Haven Horizons, a voluntary organisation committed to the elimination of gender-based violence in our society, and the EDGE Research Group based at the Technological University of the Shannon, today (30.11.21) held a webinar on the role gender-based abuse research can play in helping to eliminate gender-based violence and save lives.

According to today’s webinar, a key action to work towards eliminating gender-based abuse in Ireland would be to develop a National Research and Knowledge Hub addressing gender-based abuse.

Minister for Further and Higher Education, Research, Innovation and Science Simon Harris TD addressed the webinar entitled Enhancing Engaged Research and Research Translation in the field of Gender-Based Abuse’ and Dr. Jacqui Cameron from the University of Wollongong, Australia delivered the keynote address.

Commenting today, Madeline Mc Aleer, Training, Research and Development Director at Haven Horizons, said: “The key focus of our webinar was to highlight the importance of making research connected so that it benefits frontline organisations and individuals directly impacted by gender-based abuse. According to Women’s Aid, 242 women have died violently between 1996-2020. Ultimately, through our partnership with the EDGE Research Group we want to support not just researchers but policy makers, the criminal justice system, service-providers and survivors, who rely on research to improve policy and services in the area of gender-based abuse.”

 As part of the webinar, Haven Horizons and the EDGE Research Group updated attendees on their joint project to create a database of Irish gender-based abuse research and researchers. The two organisations outlined how a National Research and Knowledge Hub addressing gender-based abuse will improve research in the area and strengthen its societal impact.

Dr Lisa O’Rourke Scott, Principal Investigator at EDGE, commented: “A database of Irish gender-based abuse research and researchers will make it easier for researchers to network, form collaborations and share knowledge. A key aim of this would be to facilitate engaged research that can be translated into positive societal change to support those affected by gender-based abuse. It would also help bridge the gap between research findings, practice, and policy.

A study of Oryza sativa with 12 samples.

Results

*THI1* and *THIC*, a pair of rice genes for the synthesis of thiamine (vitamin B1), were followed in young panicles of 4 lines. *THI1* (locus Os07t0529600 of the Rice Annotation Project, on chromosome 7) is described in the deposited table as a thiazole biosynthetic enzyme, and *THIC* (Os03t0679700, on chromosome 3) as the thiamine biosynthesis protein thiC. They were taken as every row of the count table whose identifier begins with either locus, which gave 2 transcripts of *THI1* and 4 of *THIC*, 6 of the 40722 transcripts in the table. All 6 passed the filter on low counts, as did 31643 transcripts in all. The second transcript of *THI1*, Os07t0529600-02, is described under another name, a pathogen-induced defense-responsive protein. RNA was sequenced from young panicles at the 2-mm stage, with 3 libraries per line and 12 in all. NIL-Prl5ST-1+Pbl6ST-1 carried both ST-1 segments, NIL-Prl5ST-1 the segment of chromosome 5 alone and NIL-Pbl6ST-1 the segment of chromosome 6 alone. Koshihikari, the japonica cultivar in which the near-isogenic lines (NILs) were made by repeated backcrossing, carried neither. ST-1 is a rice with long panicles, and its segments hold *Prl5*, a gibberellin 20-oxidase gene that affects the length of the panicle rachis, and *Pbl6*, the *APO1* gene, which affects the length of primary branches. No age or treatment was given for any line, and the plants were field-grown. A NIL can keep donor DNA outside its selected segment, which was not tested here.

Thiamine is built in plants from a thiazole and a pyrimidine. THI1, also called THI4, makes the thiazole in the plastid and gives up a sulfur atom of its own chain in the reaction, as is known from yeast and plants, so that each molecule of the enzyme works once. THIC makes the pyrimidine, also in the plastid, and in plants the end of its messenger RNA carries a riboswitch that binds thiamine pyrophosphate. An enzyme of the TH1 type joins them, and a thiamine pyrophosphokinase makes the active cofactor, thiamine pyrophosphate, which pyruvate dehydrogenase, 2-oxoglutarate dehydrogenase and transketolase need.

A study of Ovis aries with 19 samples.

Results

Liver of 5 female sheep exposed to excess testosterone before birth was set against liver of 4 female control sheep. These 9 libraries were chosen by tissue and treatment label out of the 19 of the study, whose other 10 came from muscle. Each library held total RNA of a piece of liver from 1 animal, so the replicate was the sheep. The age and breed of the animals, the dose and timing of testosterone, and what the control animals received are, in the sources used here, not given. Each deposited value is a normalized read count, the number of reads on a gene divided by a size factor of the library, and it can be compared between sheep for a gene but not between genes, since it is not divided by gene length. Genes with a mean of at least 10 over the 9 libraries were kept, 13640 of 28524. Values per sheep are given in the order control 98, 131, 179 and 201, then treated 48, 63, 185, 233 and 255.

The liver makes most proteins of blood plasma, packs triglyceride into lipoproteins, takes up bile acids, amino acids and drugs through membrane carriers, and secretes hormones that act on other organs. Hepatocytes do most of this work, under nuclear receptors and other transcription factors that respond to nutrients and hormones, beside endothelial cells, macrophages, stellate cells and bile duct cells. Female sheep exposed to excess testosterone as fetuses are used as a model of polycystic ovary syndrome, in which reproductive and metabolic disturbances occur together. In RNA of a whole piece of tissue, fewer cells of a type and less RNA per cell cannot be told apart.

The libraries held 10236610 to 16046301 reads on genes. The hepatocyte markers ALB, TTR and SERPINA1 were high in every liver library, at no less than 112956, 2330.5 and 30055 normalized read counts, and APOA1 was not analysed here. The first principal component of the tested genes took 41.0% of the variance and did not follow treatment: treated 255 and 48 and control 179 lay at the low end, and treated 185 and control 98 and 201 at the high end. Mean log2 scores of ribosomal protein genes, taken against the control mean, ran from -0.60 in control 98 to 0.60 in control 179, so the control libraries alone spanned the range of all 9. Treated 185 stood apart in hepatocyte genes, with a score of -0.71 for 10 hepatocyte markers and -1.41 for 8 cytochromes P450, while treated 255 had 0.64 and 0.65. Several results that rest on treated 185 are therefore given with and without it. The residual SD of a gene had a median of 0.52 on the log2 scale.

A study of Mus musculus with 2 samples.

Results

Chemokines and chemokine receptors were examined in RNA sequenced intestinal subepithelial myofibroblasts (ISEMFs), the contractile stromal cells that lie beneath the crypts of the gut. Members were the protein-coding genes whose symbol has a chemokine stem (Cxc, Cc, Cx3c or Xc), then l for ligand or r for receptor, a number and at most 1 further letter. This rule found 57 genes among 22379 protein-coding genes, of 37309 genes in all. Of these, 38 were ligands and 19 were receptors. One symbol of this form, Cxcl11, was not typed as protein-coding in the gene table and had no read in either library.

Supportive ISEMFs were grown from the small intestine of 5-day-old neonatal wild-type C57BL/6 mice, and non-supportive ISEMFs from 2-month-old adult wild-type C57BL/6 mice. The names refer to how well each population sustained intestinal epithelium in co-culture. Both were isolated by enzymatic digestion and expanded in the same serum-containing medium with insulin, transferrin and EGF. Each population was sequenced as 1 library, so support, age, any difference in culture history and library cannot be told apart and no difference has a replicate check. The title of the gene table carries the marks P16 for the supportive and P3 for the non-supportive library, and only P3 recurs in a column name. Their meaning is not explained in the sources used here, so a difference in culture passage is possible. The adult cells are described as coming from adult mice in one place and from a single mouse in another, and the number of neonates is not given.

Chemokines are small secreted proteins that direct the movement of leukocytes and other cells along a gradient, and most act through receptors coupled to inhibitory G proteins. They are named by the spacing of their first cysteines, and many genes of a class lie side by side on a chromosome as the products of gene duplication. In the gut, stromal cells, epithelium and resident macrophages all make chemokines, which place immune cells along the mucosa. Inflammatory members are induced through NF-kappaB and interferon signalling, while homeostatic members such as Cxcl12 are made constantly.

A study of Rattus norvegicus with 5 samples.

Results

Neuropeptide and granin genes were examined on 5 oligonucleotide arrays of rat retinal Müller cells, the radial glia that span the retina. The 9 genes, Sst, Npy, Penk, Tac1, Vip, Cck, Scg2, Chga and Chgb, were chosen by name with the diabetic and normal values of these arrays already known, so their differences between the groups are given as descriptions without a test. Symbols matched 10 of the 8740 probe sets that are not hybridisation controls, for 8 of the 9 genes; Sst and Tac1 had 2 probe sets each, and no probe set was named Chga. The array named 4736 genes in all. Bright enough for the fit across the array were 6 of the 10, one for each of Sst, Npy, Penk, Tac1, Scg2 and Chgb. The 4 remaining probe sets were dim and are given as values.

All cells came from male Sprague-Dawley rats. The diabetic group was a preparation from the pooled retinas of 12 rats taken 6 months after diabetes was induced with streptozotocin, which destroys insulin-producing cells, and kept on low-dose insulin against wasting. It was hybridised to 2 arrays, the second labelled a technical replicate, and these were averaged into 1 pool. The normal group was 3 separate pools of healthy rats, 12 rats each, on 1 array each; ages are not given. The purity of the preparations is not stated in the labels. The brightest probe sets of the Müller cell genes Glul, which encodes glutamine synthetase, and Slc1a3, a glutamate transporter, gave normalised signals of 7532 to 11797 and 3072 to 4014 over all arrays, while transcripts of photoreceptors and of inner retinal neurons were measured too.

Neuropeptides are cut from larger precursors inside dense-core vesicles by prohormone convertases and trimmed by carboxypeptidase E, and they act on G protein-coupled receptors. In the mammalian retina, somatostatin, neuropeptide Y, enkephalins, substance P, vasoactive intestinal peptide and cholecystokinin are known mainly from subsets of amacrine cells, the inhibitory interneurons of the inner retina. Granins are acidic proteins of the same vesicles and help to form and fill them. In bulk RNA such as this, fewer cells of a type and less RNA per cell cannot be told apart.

“A research and knowledge hub for gender-based abuse research will make research in the area of gender-based abuse in Ireland more coherent, engaged and impactful.  The hub would be rooted in the practical and academic expertise of Haven Horizons and EDGE.”

Other speakers at the webinar included:

  • Professor Vincent Cunnane, President, Technological University of the Shannon;
  • Kate Morris, Head of Campus Engage, Irish Universities Association;
  • Dr Charlotte McIvor, National University of Ireland, Galway;
  • Dr Padraig MacNeela, National University of Ireland, Galway.

Opening the webinar, President of TUS Professor Vincent Cunnane said: “To effect real change in the area of gender-based abuse we must effect real change in society. Education is critical in this, and to be really effective it must be informed by research. At TUS our researchers in EDGE have been leading the way in this field and in conjunction with Haven Horizons providing the most informed education to front line services through the level 6 “Reflecting on and Responding to Domestic Abuse and Coercive Control” programme, as well as leading nationally in research in this field. I congratulate this formidable team of researchers, educators, and frontline practitioners on their work to date and look forward to seeing how this reach further impacts the work in preventing gender-based violence and abuse.”

The webinar was funded by the Irish Research Council’s New Foundations programme, which brings researchers and community/voluntary organisations together to share knowledge and develop new insights to help create a better society for all.